Year Inducted: 1975 (BBWAA, 15th ballot, 273/362)
This is a picture of Forbes Field, where the Pirates played baseball from 1909-1970:
To give some perspective, it was over 400 feet to the left-center field power alley, and originally 365 feet to straight away left field, and a 12 foot high wall circled the outfield. Its center field became known as Death Valley, more than 450 feet from the plate. With such a cavernous park, it’s no wonder that Willie Stargell was excited to move to the much less spacious Three Rivers Stadium in 1971. It’s also a miracle that a guy like Ralph Kiner could become as successful as he was by hitting a ton of home runs at this park.
Kiner played in only 10 seasons, but was one of the finest sluggers to ever pick up a bat. In his brief career, he hit .279/.398/.548 with a wRC+ of 147. In his career, the lowest his wRC+ ever was 116 in his rookie season. An incredibly consistently dominant offensive force, Kiner smashed 369 home runs to go along with 216 doubles and 39 triples. He drove in over 1000 runs in his career (think what that means-he had a 10 year career!) and nearly scored that many as well. He twice eclipsed 50 home runs in a season, and hit over 40 three additional times. Lest Kiner be described as a one trick pony, he drew more than 1000 walks in his career, leading to his high OBP. Kiner in his later years would lament it was due to having no real protection in the lineup following Hank Greenberg’s retirement. And, despite his size and speed, he grades out at +5 runs on the bases, which makes sense seeing as how he scored a lot despite either being on first base or hitting a home run. There’s no telling how many additional extra base hits he would have received in a more neutral park, where the centerfield wall wasn’t an insane distance from the plate.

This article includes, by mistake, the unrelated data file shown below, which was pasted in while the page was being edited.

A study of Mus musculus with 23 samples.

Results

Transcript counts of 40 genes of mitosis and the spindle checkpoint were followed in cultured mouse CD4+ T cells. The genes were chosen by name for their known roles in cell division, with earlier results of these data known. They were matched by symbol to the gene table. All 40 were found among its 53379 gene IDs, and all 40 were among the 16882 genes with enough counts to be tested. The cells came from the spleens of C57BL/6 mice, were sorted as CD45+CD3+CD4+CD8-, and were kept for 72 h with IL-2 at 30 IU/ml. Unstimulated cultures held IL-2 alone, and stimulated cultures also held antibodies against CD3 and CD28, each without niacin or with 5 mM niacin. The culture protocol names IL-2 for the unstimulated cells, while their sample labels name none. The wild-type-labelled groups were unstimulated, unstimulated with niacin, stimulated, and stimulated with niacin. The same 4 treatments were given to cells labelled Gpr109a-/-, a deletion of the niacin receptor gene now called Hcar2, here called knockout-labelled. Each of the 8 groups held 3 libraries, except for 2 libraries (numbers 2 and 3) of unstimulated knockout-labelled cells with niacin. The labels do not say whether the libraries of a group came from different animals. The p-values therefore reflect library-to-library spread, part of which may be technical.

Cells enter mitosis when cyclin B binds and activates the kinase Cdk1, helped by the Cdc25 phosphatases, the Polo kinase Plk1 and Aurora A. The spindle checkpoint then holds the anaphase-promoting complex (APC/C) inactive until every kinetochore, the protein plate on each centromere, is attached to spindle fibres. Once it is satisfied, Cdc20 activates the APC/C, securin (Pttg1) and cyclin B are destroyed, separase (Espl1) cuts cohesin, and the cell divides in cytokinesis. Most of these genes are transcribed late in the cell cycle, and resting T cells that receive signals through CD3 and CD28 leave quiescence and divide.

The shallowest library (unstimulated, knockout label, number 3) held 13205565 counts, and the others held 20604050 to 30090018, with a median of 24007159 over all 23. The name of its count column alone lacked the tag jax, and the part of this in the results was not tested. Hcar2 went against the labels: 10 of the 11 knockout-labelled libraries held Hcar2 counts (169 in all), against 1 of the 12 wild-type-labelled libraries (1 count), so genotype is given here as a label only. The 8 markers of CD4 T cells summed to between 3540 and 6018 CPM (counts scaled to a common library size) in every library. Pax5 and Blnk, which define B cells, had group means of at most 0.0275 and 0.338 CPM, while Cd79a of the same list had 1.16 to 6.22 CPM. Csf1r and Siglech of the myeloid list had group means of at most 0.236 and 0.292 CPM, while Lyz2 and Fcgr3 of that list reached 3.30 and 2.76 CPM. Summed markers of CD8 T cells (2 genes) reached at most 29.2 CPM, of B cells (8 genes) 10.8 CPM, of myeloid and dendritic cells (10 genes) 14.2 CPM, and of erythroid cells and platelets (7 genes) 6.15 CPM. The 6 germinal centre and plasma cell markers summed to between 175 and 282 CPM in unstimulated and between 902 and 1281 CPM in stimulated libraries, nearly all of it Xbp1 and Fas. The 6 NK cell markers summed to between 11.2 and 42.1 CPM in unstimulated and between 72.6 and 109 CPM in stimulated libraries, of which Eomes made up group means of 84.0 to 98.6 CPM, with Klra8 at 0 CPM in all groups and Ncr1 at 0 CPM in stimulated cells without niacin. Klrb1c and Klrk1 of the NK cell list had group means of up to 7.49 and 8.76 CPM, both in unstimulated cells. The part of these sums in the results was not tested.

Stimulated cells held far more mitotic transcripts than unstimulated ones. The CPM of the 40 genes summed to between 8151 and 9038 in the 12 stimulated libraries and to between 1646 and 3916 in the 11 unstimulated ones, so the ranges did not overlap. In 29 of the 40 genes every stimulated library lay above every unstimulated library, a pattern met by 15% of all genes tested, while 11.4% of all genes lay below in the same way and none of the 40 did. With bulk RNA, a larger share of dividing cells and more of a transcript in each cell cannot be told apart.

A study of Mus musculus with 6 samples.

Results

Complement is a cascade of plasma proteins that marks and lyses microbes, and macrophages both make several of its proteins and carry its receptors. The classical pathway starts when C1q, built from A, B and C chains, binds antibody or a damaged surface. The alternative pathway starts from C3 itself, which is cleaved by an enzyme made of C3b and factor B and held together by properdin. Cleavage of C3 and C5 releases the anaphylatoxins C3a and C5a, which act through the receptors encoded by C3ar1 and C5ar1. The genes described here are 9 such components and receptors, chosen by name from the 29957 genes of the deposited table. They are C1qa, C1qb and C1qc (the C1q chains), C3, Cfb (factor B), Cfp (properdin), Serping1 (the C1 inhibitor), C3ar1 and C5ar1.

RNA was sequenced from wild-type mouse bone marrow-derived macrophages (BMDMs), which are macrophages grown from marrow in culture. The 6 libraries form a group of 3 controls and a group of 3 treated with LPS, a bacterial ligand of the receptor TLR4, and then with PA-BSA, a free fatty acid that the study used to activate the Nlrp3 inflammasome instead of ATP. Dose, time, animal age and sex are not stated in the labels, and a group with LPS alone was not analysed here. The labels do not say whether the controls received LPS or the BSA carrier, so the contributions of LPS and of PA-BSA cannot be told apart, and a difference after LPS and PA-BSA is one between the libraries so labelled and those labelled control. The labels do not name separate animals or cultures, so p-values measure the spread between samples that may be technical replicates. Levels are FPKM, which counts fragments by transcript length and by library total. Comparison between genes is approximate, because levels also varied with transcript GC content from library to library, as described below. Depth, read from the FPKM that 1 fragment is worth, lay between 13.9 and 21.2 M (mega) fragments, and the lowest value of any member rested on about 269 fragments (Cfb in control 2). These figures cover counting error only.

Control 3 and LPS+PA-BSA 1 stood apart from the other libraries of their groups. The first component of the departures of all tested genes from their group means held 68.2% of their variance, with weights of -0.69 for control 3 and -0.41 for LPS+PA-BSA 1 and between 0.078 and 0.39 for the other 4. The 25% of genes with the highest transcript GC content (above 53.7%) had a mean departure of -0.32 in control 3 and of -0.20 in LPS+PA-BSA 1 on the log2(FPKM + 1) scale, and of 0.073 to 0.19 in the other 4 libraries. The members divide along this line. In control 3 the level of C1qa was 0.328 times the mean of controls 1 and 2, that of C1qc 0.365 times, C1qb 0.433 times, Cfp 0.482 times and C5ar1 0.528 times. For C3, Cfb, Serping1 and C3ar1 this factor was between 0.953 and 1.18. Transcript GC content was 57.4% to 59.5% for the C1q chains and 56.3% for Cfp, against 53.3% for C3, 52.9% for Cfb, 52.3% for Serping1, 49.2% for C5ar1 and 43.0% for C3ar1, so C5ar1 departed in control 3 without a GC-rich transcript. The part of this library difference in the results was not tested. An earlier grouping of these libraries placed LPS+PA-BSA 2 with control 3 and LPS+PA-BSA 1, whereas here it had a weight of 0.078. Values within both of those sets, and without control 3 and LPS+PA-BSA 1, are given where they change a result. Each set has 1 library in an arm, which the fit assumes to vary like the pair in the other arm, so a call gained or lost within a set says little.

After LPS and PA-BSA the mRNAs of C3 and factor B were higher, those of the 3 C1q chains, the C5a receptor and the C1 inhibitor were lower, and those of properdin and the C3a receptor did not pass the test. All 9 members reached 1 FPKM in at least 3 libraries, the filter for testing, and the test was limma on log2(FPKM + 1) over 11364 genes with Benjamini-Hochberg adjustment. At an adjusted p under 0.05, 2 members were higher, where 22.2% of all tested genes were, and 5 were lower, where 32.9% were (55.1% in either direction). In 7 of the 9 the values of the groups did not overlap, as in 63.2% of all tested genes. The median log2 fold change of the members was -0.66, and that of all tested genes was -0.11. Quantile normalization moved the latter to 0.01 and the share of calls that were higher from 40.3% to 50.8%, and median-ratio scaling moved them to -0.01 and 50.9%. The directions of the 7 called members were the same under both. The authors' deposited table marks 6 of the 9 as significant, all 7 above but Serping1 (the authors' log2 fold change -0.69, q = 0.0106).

Kiner, like many sluggers, was horrible defensively. Not only did he exhibit poor range in left field, but also had an extremely weak arm leading to being worth -40 runs as a fielder. Kiner, like Stargell and McCovey, was all about the bat. That’s not a bad thing, of course, as offense is a necessary part of the game, but it does limit how highly he can rank in a study that takes all factors into account.
Unfortunately, Kiner’s back problems prematurely ended his career after 10 seasons, and this is the full reason why he barely grades out in the top 150. The best outfielders of the time were able to remain healthy (Mays, Musial, Williams) and play for upwards of 20 years or more, setting insanely high standards that are near impossible to reach in only a 10 year career. Still, Kiner deserves his enshrinement just as much as they do. What he didn’t deserve was having to wait 15 ballots for his induction. A Hall of Famer is a Hall of Famer, no matter when he gets inducted.
Stay tuned for the next update.
On deck 9/13/16, from one slugging right hander to another, this first baseman was one of the power bats behind the Big Red Machine.